I was at the local fancy produce market one afternoon, pretending to be fancy knowing all the while that I grew up strictly on canned vegetables that were cranked up to a boil, when a man wearing a dirty t-shirt, plaid flannel pajama pants, and bedroom slippers walked past me on his way to the herbs. You know, like it was a normal thing he was doing: inspecting the sage, rosemary, and thyme in his jam-jams.
A grown man. In public. In pajamas.
It reminded me of a certain woman who works on the same floor as me at my conservative office building. A certain woman who wears big, fuzzy bedroom slippers from her office all the way down the shared corridor and into the public restroom.
If you check under the stall to see if one’s available, you’ll often see her big, fuzzy bedroom slippers right there, two inches from the public toilet.
I mean, you have to hand it to her. This is such a great way to pick up all of the stuff that’s lurking on a public restroom floor and track it everywhere afterwards like the freaking E-Coli-ster Bunny. It’s like a one-stop-shop for all your bacteria needs!
I’ve taken to calling her “Toilet Swiffer Woman”. If you need to call the CDC on her and they ask for a description, just say that she’s a brunette, about 5’6″, 130 pounds, and has public toilet germs crawling all over her fuzzy-wuzzies.
To be fair, I’m sure those slippers probably come in real handy for when you need to do lab experiments on the fly at your desk and don’t have a bucket of deadly pathogens nearby. Just take off your Toilet Swiffer slippers and give ‘em a shake over that petri dish and finally get to the bottom of that Cholera problem! Easy peasy!
Which reminds me. If we’re talking about describing something that’s easy, it’s easier to just say the word “easy”. You can feel free to leave off the “peasy”.
And I’ll tell you what you can definitely leave off: “Lemon squeezy”.
I swear to Maude the next time I hear someone say, “Easy peasy lemon squeezy!” I will not be held responsible for my actions. JUST SAY “EASY”.
I tried to give Toilet Swiffer Woman the benefit of the doubt the first time I saw her – maybe she was just breaking in a new pair of terrible high heels and her feet were all sliced up or something. At least some attempt at a reason.
She wears those Toilet Swiffer slippers every single day – and I saw her regular shoes one day when she was leaving the building and they were ADORABLE fancy designer leopard-print ballet flats. They were so cute I wanted to knock her down in the parking lot and steal them off her feet, until I remembered that she spends most of the day ankle-deep in fuzzy poop-germ incubators.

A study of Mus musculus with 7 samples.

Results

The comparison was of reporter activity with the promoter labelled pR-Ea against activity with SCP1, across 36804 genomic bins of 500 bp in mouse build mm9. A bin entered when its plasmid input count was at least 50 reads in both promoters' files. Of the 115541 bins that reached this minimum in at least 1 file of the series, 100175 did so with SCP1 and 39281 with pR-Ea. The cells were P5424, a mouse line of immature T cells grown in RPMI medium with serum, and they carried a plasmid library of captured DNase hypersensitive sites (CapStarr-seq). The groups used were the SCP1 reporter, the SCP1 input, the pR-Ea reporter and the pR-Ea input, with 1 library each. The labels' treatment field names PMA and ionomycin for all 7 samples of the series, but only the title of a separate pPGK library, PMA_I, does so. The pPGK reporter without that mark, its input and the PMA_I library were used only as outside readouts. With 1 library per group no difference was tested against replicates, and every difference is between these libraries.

Pajama Man and Toilet Swiffer Woman are just a small sampling of the much larger problem at hand here. I can’t tell you how many people I see out in daily life wearing pajamas and bedroom slippers in public, and I’m here to tell you something about it.
I’m tired of this hoozle-dizzle, people.
Put on some real clothes.
Your public pajamas are a far too visible sign that the fabric of society is unraveling. Like I need a reminder! And those pajamas are probably filthy, too, because who the hell washes pajamas every time they wear them? Maniacs?! I once wore a Nirvana tour shirt as a pajama top for two months straight without washing it, until my skin oils actually ate through the fabric like moths. I will out-lazy and out-filth you in private any day of the week, so don’t even try me.
I don’t care if you’re “But I’m cooooomfortable!!!” in your pajamas. I own plenty of articles of clothing that are really, super soft and comfortable, that are also not actual pajamas.
I’m not saying go put on a suit. I’m not advocating for the reintroduction of hoop skirts and steel-boned corsets. Pinchy-waistbands can 100% go eat a wiener, as can those pointy-toed, narrow shoes that feel like actual torture devices. By all means. Be comfortable. Just put on something that’s not pajamas if you’re going to engage in daily public life.
We live in a society, you bedtime fashion derelict. Get it together.
And don’t even get me started on people who take their shoes off on an airplane and then put their BARE FEET on things. I was on a plane last year and turned around to find the woman behind me had taken off her shoes and wrapped her toes around my armrest like the paw on a clawfoot tub and it took everything I had to not ask the pilot to re-route us directly into the sun.